Patients at Nova Scotia Health’s East Coast Forensic Hospital receive first dose of COVID-19 vaccine
“I don’t understand the word quit,” said Greggory Maher, a patient at Nova Scotia Health’s East Coast Forensic Hospital (ECFH). “I sent out a lot of emails across the health system requesting all patients at ECFH receive the vaccine. It was very important to me.”
Maher was a strong advocate for patient vaccinations.
He even spoke to a couple of patients at the facility who initially said no to receive the vaccine, who changed their minds to say yes.
He described just how important is was not only to him, but his fellow friends and patients that live at the facility.
“With some of the COVID-19 visitor restrictions in place, many of us weren’t able see our friends and family, making us feel very isolated,” he indicated.
Neil Burns, a fellow friend and ECFH patient, echoed his comments.
“It was important to me to be vaccinated so I could go home for visits with my family, and see my grandfather,” said Burns.
Dr. Brad Kelln, a forensic psychologist at EFCH, said that it was a feeling of relief for patients at ECFH to receive their first dose of the COVID-19 vaccine.
“For most patients, the biggest emotional response to the news of the vaccine’s arrival was relief – finally there was news that suggested an end to the roller coaster of restricted community access and uncertainty,” he said. “We saw there was far more support for getting the vaccine, than reluctance to participate.”
Dr. Kelln, along with other psychologists including Dr. Andrew Starzomski and Sarah Urquhart, developed strategies, and worked closely with the Canadian Centre for Vaccinology to anticipate any potential feelings of uncertainty or hesitation among patients towards the vaccine.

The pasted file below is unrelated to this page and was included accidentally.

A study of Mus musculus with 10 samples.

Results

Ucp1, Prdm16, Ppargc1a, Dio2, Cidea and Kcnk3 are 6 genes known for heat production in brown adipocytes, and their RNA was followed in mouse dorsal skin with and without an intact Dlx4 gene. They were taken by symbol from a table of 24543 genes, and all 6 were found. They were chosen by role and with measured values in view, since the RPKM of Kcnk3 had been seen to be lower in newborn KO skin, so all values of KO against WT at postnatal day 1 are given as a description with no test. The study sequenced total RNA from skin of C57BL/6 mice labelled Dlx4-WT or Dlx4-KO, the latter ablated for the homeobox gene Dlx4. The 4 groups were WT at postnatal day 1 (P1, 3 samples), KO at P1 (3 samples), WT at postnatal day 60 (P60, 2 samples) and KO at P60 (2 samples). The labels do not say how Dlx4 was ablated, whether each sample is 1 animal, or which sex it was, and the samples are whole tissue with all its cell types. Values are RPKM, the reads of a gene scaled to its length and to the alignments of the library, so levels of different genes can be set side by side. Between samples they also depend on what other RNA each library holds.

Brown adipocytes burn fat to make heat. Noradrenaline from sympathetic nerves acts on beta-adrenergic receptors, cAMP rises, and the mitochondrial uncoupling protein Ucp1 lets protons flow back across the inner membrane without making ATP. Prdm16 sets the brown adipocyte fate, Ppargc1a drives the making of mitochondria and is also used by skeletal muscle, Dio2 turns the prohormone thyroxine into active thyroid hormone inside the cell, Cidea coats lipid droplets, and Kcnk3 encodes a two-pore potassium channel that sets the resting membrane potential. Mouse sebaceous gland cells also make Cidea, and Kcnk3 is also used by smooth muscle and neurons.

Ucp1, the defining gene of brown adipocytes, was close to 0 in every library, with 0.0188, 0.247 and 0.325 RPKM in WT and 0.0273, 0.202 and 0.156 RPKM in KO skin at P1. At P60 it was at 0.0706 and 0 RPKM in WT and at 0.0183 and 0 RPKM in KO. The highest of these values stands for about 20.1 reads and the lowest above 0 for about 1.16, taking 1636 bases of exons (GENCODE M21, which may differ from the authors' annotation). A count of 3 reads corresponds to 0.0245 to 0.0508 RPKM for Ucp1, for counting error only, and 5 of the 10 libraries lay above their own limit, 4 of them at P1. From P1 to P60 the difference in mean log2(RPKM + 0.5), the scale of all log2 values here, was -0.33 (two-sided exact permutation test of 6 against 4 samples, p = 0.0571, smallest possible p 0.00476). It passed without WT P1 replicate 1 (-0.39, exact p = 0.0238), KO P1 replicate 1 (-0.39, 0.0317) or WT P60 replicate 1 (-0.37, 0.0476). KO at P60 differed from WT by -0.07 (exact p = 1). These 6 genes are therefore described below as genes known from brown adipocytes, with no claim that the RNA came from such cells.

The nurses of ECFH were also instrumental in their ability to talk and support patients prior to administering the vaccine.
They received vaccine administration training through Nova Scotia Health Public Health.
“Our ECFH nursing team was very excited to bring the vaccine here to the facility,” said Cara-Leah Hmidan, health services manager. “We understand the importance of immunizing our vulnerable patient population.”
Even as patients and staff are vaccinated, depending on rates of illness in the community, visitor and pass restrictions may still be required in hospital settings.
ECFH works in partnership with the Departments of Health and Wellness, and Justice.
ECFH has a mentally ill offender unit where court ordered assessments are performed and treatment is provided to inmates diagnosed with mental illness.
ECFH also has two rehabilitation units, which provide treatment for individuals who have been found Not Criminally Responsible (NCR) or unfit to stand trial by the Nova Scotia justice system. Patients are under the jurisdiction of the Criminal Code Review Board. These individuals are assessed, participate in treatment programs and work with their health care team to safely re-enter the community.